Model high-throughput transactional apps in Azure Cosmos DB for PostgreSQL

APPLIES TO: Azure Cosmos DB for PostgreSQL (powered by the Citus database extension to PostgreSQL)

Common filter as shard key

To pick the shard key for a high-throughput transactional application, follow these guidelines:

  • Choose a column that is used for point lookups and is present in most create, read, update, and delete operations.
  • Choose a column that is a natural dimension in the data, or a central piece of the application. For example:
    • In an IOT workload, device_id is a good distribution column.

The choice of a good shard key helps optimize network hops, while taking advantage of memory and compute to achieve millisecond latency.

Optimal data model for high-throughput apps

Below is an example of a sample data-model for an IoT app that captures telemetry (time series data) from devices. There are two tables for capturing telemetry: devices and events. There could be other tables, but they're not covered in this example.

Diagram of events and devices tables, and partitions of events.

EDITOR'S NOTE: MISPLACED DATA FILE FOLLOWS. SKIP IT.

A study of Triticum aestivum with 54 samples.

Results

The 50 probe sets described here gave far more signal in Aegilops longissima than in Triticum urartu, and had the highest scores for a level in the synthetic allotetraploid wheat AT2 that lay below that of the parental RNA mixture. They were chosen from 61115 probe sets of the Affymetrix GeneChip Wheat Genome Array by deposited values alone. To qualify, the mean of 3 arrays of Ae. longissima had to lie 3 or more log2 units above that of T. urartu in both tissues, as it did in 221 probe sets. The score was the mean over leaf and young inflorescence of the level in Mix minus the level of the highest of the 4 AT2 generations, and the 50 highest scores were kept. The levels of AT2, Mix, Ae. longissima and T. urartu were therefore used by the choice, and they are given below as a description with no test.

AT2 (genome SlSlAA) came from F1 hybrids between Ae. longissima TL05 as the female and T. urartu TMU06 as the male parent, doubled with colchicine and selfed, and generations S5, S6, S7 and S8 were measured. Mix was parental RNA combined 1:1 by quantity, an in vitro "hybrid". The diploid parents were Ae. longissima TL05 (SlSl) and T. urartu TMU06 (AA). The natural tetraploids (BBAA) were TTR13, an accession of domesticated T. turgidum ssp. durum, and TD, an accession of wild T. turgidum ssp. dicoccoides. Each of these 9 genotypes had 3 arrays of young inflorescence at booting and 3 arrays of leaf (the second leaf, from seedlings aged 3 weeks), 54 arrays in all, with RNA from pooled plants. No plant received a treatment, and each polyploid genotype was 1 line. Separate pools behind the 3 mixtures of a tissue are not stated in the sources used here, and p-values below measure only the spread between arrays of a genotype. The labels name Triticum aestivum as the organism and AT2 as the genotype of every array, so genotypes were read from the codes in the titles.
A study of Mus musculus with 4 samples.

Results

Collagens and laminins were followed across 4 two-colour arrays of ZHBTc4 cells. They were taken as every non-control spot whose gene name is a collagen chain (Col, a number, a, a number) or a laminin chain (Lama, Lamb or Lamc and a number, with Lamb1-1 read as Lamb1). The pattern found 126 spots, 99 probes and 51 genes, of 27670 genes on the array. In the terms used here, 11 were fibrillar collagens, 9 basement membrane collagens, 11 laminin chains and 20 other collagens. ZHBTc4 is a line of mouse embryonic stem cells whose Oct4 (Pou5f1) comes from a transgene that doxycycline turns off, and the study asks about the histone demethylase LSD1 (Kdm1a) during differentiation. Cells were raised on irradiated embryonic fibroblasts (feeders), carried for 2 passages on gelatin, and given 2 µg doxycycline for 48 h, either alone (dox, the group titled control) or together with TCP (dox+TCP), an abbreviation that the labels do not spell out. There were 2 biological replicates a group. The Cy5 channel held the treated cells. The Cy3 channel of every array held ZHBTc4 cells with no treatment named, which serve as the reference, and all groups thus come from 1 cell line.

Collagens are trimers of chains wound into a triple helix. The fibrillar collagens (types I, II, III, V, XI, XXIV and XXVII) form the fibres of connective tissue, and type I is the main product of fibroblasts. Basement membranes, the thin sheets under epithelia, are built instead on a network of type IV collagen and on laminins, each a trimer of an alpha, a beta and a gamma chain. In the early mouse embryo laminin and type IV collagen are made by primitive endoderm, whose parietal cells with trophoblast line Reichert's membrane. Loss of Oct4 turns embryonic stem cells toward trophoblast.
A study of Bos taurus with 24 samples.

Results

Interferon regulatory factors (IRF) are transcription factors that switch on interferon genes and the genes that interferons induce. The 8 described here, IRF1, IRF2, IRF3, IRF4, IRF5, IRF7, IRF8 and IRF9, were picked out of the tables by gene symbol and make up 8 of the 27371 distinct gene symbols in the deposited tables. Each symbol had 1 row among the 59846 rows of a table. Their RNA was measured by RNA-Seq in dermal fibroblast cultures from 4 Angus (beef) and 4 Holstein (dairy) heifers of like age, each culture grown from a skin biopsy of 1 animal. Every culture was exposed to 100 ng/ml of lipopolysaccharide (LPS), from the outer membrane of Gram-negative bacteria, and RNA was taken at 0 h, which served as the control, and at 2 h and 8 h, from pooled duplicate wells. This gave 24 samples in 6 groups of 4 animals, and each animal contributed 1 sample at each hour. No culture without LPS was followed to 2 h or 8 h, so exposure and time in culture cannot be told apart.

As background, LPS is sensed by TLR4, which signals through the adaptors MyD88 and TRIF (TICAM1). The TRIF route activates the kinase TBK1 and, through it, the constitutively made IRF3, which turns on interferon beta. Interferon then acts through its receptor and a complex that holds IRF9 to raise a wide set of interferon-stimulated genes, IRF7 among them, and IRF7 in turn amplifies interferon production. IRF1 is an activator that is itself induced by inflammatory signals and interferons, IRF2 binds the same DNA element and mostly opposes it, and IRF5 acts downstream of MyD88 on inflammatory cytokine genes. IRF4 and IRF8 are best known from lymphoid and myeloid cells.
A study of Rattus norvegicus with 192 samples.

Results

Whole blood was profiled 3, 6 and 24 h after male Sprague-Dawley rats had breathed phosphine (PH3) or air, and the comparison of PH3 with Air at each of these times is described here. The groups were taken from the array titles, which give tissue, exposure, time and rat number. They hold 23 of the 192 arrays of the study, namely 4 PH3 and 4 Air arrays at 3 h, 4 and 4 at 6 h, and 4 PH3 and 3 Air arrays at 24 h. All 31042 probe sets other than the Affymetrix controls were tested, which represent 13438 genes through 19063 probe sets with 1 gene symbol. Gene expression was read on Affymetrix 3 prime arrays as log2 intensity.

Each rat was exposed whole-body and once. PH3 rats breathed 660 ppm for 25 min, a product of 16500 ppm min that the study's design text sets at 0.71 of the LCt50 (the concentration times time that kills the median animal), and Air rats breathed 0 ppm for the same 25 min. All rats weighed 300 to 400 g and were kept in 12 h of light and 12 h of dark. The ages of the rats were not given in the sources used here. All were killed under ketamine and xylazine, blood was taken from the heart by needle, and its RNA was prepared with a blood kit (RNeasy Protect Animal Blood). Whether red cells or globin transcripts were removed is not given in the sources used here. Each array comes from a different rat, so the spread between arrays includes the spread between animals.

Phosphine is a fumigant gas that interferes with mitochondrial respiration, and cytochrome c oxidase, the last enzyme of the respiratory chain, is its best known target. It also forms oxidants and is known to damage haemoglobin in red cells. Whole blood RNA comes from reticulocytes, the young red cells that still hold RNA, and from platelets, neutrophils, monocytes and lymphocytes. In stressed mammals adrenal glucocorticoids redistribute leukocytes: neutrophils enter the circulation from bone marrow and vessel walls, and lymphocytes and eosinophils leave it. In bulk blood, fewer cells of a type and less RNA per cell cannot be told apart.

When building a high-throughput app, keep some optimization in mind.

  • Distribute large tables on a common column that is central piece of the app, and the column that your app mostly queries. In the above example of an IOT app, device_id is that column, and it co-locates the events and devices tables.
  • The rest of the small tables can be reference tables.
  • As IOT apps have a time dimension, partition your distributed tables based on time. You can use native Azure Cosmos DB for PostgreSQL time series capabilities to create and maintain partitions.
    • Partitioning helps efficiently filter data for queries with time filters.
    • Expiring old data is also fast, using the DROP vs DELETE command.
    • The events table in our example is partitioned by month.
  • Use the JSONB datatype to store semi-structured data. Device telemetry data is typically not structured, every device has its own metrics.
    • In our example, the events table has a detail column, which is JSONB.
  • If your IoT app requires geospatial features, you can use the PostGIS extension, which Azure Cosmos DB for PostgreSQL supports natively.

Next steps

Now we've finished exploring data modeling for scalable apps. The next step is connecting and querying the database with your programming language of choice.